By: Morey Raiskin & Rachel D. Gebaide
Yesterday, the U.S. Department of Labor published temporary regulations describing how businesses employing less than 50 employees can take advantage of the carve-out included in the Families First Coronavirus Response Act requirement that employers provide paid sick leave and paid FMLA leave.
The regulations provide that an employer with less than 50 employees (a small employer) is exempt from providing Emergency Paid Sick Leave (but only for one of the six enumerated reasons) and FMLA leave (either the paid or unpaid portion) when doing so would jeopardize the viability of the business as a going-concern. The exemption applies only to the requirement that a small business provide paid sick leave and FMLA leave to an employee who is unable to work or telework due to a need for leave because the employee is caring for a son or daughter whose school/day care is closed, or whose is child care provider is unavailable, because of COVID-19.
The regulations provide that a small employer is entitled to the carve-out if an authorized officer of the business determines that:
- The requested sick or FMLA leave would result in the small business’s expenses and financial obligations exceeding available revenues which would cause the small business to cease to operate at minimal capacity;
- The absence of an employee or employees seeking paid sick or FMLA leave would lead to substantial risk to the financial health or operational capability of the business because of the “absence” of their unique skill, knowledge of the business operation or responsibilities; or
- There are not sufficient workers who are able, willing and qualified (and available at the time and place needed) to perform the work of the employee or employees seeking leave, and those services are needed for the small business to operate at minimal capacity.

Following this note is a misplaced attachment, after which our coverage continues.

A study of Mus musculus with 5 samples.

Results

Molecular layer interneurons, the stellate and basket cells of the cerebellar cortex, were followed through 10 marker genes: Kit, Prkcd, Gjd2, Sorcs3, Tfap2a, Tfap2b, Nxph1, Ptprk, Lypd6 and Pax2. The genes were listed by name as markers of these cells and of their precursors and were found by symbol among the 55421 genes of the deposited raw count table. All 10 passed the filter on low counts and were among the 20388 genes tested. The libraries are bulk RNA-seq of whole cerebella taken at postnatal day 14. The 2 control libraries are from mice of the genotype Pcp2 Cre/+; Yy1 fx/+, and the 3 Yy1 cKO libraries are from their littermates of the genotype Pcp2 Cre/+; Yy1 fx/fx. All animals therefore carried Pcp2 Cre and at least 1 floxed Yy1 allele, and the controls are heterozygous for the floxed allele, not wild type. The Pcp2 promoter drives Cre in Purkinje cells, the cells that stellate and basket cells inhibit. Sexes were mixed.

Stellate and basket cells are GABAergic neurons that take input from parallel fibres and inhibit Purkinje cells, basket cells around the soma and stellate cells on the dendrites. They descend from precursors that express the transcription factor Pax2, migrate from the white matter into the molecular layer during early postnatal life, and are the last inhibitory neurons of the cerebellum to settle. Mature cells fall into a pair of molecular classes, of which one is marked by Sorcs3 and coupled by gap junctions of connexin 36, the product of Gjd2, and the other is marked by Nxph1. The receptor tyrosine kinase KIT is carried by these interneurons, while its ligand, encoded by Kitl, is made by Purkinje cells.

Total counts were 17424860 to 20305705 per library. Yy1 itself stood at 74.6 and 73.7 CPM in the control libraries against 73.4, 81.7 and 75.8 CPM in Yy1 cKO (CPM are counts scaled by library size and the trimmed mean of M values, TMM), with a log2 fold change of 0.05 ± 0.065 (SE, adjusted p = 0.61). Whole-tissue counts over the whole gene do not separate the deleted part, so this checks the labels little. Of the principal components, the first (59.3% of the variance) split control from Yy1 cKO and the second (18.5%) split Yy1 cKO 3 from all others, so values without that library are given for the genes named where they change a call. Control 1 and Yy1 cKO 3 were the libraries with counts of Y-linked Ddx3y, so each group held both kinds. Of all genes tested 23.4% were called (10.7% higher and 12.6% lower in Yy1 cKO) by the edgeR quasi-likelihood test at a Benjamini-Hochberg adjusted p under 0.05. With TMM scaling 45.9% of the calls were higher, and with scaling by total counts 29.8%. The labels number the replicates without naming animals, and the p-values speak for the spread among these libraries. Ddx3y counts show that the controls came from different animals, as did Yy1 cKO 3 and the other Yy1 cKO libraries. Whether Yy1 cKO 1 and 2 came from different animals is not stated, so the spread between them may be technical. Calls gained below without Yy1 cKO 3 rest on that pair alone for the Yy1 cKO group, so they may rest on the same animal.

Importantly, according to the DOL regulations, the employer seeking this exemption must document that the employer made the determination that it is exempt pursuant to these enumerated requirements. Once the determination is made and documented, the small employer retains the documentation in its possession but does not send it to the DOL. At this time, it appears that the employer must retain the documentation in the event the employer must respond to a DOL inquiry or investigation into, or an employee’s claim of, an employer’s alleged non-compliance with these leave laws.
Finally, regardless of whether a small employer seeks to exempt one or more employees from receiving paid sick and/or paid FMLA leave, all employers, including small employers must post (or deliver via email) the DOL’s required poster informing employees of the new law’s requirements. This is because a small employer must still provide paid sick leave to employees who need leave for the other enumerated reasons in the Families First Coronavirus Response Act.